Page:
Marvel Comics – J. Michael Straczynski (w); John Romita, Jr. (p); Scott Hanna (i)
Y’know, everyone, it seems, has loved Straczynski’s run from Day One. Well, I haven’t.
There, I said it. I think the majority of his run has been, at best, mediocre.
While Batman is, historically speaking, my life-long hero, Spider-Man is a really close second. I was, for the majority of my comic-reading career, psychotically loyal to both characters. In fact, only the Clone Saga broke my Spider-Man addiction. So when JMS took over the reigns on Amazing, I was thrilled. And while I admit that most of my joy was derived from seeing the abysmal Howard Mackie leave the book, it was nice to see Marvel replace him with a solid writer, not just a competent one (though after Mackie, almost anything would’ve been a step up). The appearance of JMS was enough to make me regularly buy the book again.
But I’ve gotta tell you, I thought his opening arc could’ve been better. If there’s one thing I can’t stand, it’s stories that try to convince me that a hero of Spider-Man’s caliber is in mortal danger. I understand that we’re supposed to suspend disbelief and tell ourselves that Morlun really might kill Peter, but I find that hard to do, particularly when there’s a movie just around the corner. I just find the faux suspense hard to tolerate; that’s just me, I’m a hard man to please. The now-famous September 11th issue rolled around and I absolutely hated it, because that’s my birthday. I mean, I can’t even read comics now to escape the fact that my friggin’ birthday has been forever tainted?
From there, things pretty much go down hill for me. The Dr. Strange and Shathra arcs made me feel like JMS had no feel for the character whatsoever, because those types of stories just aren’t the things that I associate Spider-Man with. No matter how colorful his rogues’ gallery is, Spider-Man villains are all essentially just criminals, bank robbers, what have you. He doesn’t fight moth-demons or jump through dimensional portals. That just seemed way out of character for me (and maybe I’m off-base here).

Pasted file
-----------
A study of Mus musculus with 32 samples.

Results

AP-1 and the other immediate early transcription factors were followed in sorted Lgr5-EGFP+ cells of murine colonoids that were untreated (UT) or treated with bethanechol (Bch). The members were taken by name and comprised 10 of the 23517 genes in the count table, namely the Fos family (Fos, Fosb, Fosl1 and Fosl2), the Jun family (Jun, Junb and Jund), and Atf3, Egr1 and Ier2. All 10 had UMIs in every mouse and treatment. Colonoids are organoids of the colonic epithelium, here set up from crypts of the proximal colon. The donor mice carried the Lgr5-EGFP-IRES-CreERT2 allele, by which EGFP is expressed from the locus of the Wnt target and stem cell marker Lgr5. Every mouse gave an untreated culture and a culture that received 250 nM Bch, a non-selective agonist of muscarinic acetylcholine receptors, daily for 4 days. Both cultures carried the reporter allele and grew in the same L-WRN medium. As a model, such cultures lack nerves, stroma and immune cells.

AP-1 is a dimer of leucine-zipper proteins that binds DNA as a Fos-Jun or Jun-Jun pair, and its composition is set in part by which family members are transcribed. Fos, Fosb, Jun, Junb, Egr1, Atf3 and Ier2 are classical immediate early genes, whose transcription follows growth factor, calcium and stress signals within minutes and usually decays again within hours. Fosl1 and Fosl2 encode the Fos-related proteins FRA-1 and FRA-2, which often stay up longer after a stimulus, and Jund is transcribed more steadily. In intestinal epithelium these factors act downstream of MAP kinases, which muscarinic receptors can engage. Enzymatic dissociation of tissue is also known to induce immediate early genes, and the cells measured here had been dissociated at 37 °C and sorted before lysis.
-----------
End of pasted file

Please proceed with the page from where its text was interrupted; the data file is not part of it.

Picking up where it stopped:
So where am I going with this, you ask? Right here:
I really enjoyed this issue.
After much ado and even more delays, Peter and Mary Jane are finally reunited, meeting at the airport, just the two of them. But with a move by Straczynski that reminds me of the best Stan Lee issues, it’s not going to be that easy for the pair. Not only does Doctor Doom stride through the airport gates, en route to an environmental conference, but also pro-democracy Latverian rebels spring a plot to assassinate the iron-fisted (my apologies for the pun, it was out before I knew it) dictator. Luckily, Captain America (also incognito) appears to lend a hand.
The simple fact here is that Straczynski delivered the exact opposite of what I was expecting from him. Given my past experiences (during which I had begun to refer to the book as “spidey-something” because of what I perceived as an overuse of “adult” melodrama), I was looking for Straczynski to crank out a heartfelt, sit-down sort of issue. A very special episode of The Amazing Spider-Man, if you will. But that’s not it at all.
The dialogue between Peter and Mary Jane is genuine and realistic-sounding. You can believe that this is the sort of conversation that a superhero and his estranged wife would have; it just makes sense. At the same time, the heart-to-heart sequences never have a chance to feel stale because they’re punctuated regularly by a new wave of attacks from Doom’s would-be assassins. The humor flows along at appropriate moments and, for once, the things that Peter says to break the tension seem to fall in line with what I’m used to. And I’m of the opinion that no one but John Romita, Jr. should ever be allowed to pencil this book ever again, because I simply can’t imagine anyone alive today making it look as easy as he does.
However, I must say, the real show-stealer is Doctor Doom, who is absolutely hysterical. His dialogue alone is worth the price of admission. If nothing else in the issue were spot-on, I’d recommend picking it up just for Doom’s third-person rants. But, thankfully, there’s a lot more to be enjoyed here that just hyperbolic diatribes from a steel-girded madman.